Natural Times, October/November/December 2014

By Sandy Beck

In her book Animal, Vegetable, Miracle, Barbara Kingsolver chronicles her family’s yearlong experiment to only eat food that was raised locally or that they grew themselves. Luscious recipes and her husband’s sobering reflections on the food industry supplement Kingsolver’s poetic narrative. Never have I read a more compelling case to eat local, in-season foods.

Buying local, seasonal produce is a win-win-win situation—good for your health, your community and the environment. Not only do you have the freshest and healthiest fruits and vegetables, but you’re also supporting the local economy.

Years ago, my husband and I lived in a very old Miami house with towering avocado and mango trees. August through October, we feasted on their fruits—never tiring of guacamole, avocados stuffed with cottage cheese, and breakfast bruschetta with chopped avocado, tomatoes and fresh basil.

Mango smoothies, salsa and chutney as well as freshly cut mangoes in salads and over breakfast cereal are blissful. A dehydrator provided great mango snacks for months. Mango and lime combine for a memorable margarita, and frozen mango chunks are great in wine spritzers.

Living in North Florida, I sure miss this backyard bounty, but thankfully, South Florida’s groves are close enough that New Leaf can stock their produce department with these healthy, organic delights every fall.

Just as I developed quite a mango and avocado repertoire, I’ve also found it helpful to have a stash of creative ways to incorporate other seasonal produce into our meals. Here are some more of my fall favorites.

Zucchini—Try a variation on zucchini bread—zucado bread! Use a fresh avocado to replace the oil or butter. Schmear a little cream cheese on a slice, and you have a perfect, quick breakfast.

Mushrooms—I love the “meatiness” of Portobellos. Bake the big ones stuffed with sautéed greens and feta or Asiago. Combine Portobello, crimini and white mushrooms for a satisfying mushroom barley soup. Mix chopped mushrooms with kasha for kasha knishes. Blend mushrooms with cooked black beans, oatmeal, garlic and spices in a food processor, then sauté your homemade black bean-mushroom burgers.

Bell Peppers—Combine a rainbow of sliced bell peppers with mushrooms, potatoes, zucchini, squash and garlic in a roasting pan. Toss with olive oil and salt and pepper, and roast at 450 degrees Fahrenheit until slightly brown.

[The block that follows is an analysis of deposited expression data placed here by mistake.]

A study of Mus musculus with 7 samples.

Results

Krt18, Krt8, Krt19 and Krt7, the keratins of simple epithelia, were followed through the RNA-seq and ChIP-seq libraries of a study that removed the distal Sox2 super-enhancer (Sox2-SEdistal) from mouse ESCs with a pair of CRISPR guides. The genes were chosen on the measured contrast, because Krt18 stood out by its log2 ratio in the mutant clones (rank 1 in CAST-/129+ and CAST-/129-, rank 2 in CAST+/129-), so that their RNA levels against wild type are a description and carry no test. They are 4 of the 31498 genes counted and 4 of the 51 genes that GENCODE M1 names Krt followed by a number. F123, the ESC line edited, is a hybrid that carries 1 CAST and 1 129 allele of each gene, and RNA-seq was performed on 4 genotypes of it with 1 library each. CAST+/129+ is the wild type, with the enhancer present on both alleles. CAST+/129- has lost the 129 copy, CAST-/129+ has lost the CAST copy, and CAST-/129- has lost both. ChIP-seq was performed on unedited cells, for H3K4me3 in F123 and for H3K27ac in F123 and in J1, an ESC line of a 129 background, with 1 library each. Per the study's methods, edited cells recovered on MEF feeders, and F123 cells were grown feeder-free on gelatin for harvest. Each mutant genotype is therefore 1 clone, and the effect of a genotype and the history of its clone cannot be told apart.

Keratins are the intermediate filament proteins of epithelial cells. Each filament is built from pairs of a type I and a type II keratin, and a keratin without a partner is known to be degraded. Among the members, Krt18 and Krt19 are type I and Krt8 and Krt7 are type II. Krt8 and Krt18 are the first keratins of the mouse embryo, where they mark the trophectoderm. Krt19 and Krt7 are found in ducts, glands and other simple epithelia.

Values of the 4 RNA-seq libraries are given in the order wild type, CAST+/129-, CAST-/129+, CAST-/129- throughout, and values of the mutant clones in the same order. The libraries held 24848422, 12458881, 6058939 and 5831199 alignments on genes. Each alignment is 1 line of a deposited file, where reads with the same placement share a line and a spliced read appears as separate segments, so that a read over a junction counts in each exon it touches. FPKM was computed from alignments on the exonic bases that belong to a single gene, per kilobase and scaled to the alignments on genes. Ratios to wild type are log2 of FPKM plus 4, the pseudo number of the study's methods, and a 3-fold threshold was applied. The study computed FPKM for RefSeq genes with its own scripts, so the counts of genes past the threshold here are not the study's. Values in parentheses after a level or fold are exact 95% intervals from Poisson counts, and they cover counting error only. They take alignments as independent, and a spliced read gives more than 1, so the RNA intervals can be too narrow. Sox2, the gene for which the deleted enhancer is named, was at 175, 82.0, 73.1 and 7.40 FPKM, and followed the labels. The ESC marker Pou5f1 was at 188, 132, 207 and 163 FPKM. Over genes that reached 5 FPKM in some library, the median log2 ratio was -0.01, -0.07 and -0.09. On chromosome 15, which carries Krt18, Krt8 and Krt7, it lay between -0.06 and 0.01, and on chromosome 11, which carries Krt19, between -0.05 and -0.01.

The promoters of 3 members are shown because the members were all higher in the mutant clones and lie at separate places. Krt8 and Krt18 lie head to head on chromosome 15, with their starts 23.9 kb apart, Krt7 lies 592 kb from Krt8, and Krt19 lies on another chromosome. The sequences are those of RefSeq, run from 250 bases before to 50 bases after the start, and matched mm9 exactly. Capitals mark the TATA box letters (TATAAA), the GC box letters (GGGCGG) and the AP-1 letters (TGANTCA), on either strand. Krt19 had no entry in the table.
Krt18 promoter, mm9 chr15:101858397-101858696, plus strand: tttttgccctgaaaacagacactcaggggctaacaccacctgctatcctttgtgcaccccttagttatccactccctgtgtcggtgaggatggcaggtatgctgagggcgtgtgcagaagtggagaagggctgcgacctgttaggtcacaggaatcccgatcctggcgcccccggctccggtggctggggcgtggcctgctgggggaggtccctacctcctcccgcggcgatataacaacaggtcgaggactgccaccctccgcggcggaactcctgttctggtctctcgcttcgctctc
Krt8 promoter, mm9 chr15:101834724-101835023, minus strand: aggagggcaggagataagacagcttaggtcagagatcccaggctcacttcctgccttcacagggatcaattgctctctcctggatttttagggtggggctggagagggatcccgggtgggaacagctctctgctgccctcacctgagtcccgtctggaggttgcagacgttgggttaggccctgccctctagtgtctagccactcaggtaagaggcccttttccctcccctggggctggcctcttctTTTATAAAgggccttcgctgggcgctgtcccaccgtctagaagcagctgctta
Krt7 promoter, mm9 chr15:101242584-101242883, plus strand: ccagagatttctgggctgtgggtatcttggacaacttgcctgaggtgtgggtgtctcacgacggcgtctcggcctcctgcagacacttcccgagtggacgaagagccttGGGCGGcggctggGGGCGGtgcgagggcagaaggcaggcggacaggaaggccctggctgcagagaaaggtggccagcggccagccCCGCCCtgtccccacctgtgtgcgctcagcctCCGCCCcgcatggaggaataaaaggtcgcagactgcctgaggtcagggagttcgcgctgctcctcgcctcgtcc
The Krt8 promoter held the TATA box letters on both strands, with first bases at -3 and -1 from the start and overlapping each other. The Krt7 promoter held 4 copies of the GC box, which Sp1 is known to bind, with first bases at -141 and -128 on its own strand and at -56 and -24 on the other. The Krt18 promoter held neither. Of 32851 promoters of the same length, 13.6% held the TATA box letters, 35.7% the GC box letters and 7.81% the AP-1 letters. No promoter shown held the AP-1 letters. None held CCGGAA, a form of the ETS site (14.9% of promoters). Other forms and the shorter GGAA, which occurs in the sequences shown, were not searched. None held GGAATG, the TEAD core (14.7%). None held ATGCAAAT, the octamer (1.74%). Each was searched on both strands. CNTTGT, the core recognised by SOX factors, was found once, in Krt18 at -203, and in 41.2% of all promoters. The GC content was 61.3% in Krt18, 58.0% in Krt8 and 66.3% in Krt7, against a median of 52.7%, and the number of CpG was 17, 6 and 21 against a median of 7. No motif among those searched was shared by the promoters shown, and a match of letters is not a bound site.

Squash and Sweet Potatoes—Toss sliced squash and zucchini with olive oil, garlic and grated Pecorino-Romano cheese, then bake. Substitute acorn squash and/or sweet potatoes for pumpkin in a pie; combine with kale or chard for an amazing soup; or cut in half and bake stuffed with wild rice, nuts and dried cherries.

Eggplant—Another tasty and versatile meat substitute, it works in everything from Italian to Asian recipes. Stir fry with tofu. Try an eggplant penne pasta salad with thinly sliced, roasted eggplant, garlic, grape tomatoes cut in half and fresh herbs.

Combine any fall vegetables—peppers, eggplant, squash—with mushrooms for a mouthwatering vegetable lasagna, curry, pizza, quiche or frittata.

Pumpkin—the orange orb we all think of as an autumn icon. Of course, there’s pumpkin bread and pumpkin pie. In her book (and on animalvegetablemiracle.com), Barbara Kingsolver shares a family recipe for cooking pumpkin soup in its own shell that will double as a festive centerpiece and the first course for your Thanksgiving dinner.

A Mother Earth News article, “Seasonal Eating Supports Local Farmers,” mused, “Synergism between season, farmer and patron is a dance that honors the natural ebb and flow of production.”

Bon appétite as you dance to the tune of our local farmers this fall.